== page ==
Five years after its implosion, Lehman Brothers, once the world's fourth largest bank, is still a giant corporation with roughly 300 employees working full-time in offices all over the world.
Most of its remaining employees work out of two floors of the Time-Life building not far from the bank's former headquarters in midtown Manhattan.
Lehman will eventually cease to exist. A bankruptcy court opted to liquidate Lehman Brothers.
But that unwinding is expected to take at least several more years. Lehman has more than $30 billion to recover, and several multi-billion dollar legal fights left over how much creditors will recoup from the remaining assets of Lehman's main U.S. operations.
Affiliates of other international units of Lehman are separately unwinding their stakes, making the overall headcount even higher.
The largest debt holders will only get back a fraction of what they're owed. Still, they have recovered much more than many, including Lehman, had expected.
Shortly after Lehman declared bankruptcy, Barclays paid $1.3 billion for most of the firm's North American operations, its Times Square headquarters, and about 9,000 employees. Nomura Holdings paid roughly $200 million for Lehman's operations in Asia.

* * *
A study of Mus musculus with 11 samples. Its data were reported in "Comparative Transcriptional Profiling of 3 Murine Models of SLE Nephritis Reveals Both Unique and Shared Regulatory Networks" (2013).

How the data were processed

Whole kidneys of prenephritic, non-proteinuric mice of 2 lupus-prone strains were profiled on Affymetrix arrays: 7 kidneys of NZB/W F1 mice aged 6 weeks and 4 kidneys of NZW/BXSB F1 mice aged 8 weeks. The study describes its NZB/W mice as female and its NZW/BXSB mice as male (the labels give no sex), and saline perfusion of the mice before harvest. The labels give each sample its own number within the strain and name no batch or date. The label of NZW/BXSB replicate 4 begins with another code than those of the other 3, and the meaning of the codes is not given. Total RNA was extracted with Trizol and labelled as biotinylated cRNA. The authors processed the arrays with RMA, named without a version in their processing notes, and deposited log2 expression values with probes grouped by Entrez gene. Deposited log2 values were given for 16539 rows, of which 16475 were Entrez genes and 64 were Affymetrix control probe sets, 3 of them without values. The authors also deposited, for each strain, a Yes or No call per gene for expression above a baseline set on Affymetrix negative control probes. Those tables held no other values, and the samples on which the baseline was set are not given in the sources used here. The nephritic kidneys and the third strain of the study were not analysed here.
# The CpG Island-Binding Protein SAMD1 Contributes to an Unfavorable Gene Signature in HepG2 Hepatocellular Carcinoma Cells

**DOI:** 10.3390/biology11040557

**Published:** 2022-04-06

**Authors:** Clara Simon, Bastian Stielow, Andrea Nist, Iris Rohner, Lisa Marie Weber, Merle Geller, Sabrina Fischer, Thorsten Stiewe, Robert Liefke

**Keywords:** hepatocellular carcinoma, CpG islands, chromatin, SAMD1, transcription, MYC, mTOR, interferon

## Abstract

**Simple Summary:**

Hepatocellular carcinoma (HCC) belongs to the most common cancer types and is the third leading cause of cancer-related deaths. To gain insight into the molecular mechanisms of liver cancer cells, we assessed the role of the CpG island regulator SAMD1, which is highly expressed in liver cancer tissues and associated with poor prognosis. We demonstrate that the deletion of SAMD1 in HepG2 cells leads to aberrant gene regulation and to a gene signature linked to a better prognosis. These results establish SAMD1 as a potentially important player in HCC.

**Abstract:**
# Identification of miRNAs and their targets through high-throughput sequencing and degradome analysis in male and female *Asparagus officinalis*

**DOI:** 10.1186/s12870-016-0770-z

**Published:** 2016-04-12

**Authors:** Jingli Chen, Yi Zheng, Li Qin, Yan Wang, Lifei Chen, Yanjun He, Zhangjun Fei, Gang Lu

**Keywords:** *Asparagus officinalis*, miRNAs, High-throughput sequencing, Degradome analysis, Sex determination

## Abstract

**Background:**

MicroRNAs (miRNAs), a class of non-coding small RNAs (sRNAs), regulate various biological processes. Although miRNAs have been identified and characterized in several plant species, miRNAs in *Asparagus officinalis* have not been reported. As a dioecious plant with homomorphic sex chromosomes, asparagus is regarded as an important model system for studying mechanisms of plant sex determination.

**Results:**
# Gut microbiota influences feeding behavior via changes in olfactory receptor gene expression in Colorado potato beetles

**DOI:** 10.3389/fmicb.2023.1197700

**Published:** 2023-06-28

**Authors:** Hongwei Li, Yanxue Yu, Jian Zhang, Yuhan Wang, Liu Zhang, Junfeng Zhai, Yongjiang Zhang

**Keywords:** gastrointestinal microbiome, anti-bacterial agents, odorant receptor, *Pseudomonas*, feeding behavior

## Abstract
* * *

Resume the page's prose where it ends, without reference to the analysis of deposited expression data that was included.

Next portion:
And that was just the beginning. Lawyers and bankers for the Lehman estate estimate that creditors will receive roughly $80 billion back against $309 billion in debts as of March 2013. Creditors have already received $47.2 billion in payments.
The rising real estate market has helped Lehman lately. Earlier this year, the estate sold its stake in apartment building operator Archstone for $6.5 billion. The valuation was still a far cry from the $22 billion price tag that Archstone was valued at in 2007, but much higher than estimates since the credit crisis.
Lehman has more than $8 billion in real estate left.
It will continue to fight battles in court that could lead to higher recoveries for creditors. Among the big battles, Lehman is still fighting a multi-billion lawsuit against JPMorgan Chase saying that its investment bank forced the company into a rapid fire bankruptcy filing because of its collateral calls.
Lehman's bankruptcy caused pain for its employees and shareholders, but five years later, many players in the saga have found ways to score big payouts.
Some hedge funds, including John Paulson's, have scored big by purchasing Lehman's debt immediately after the bankruptcy filing.
Investment bankers and lawyers have already been well compensated for recovering funds for creditors too. Since 2008, bankers and lawyers working on the bankruptcy have earned $2.2 billion.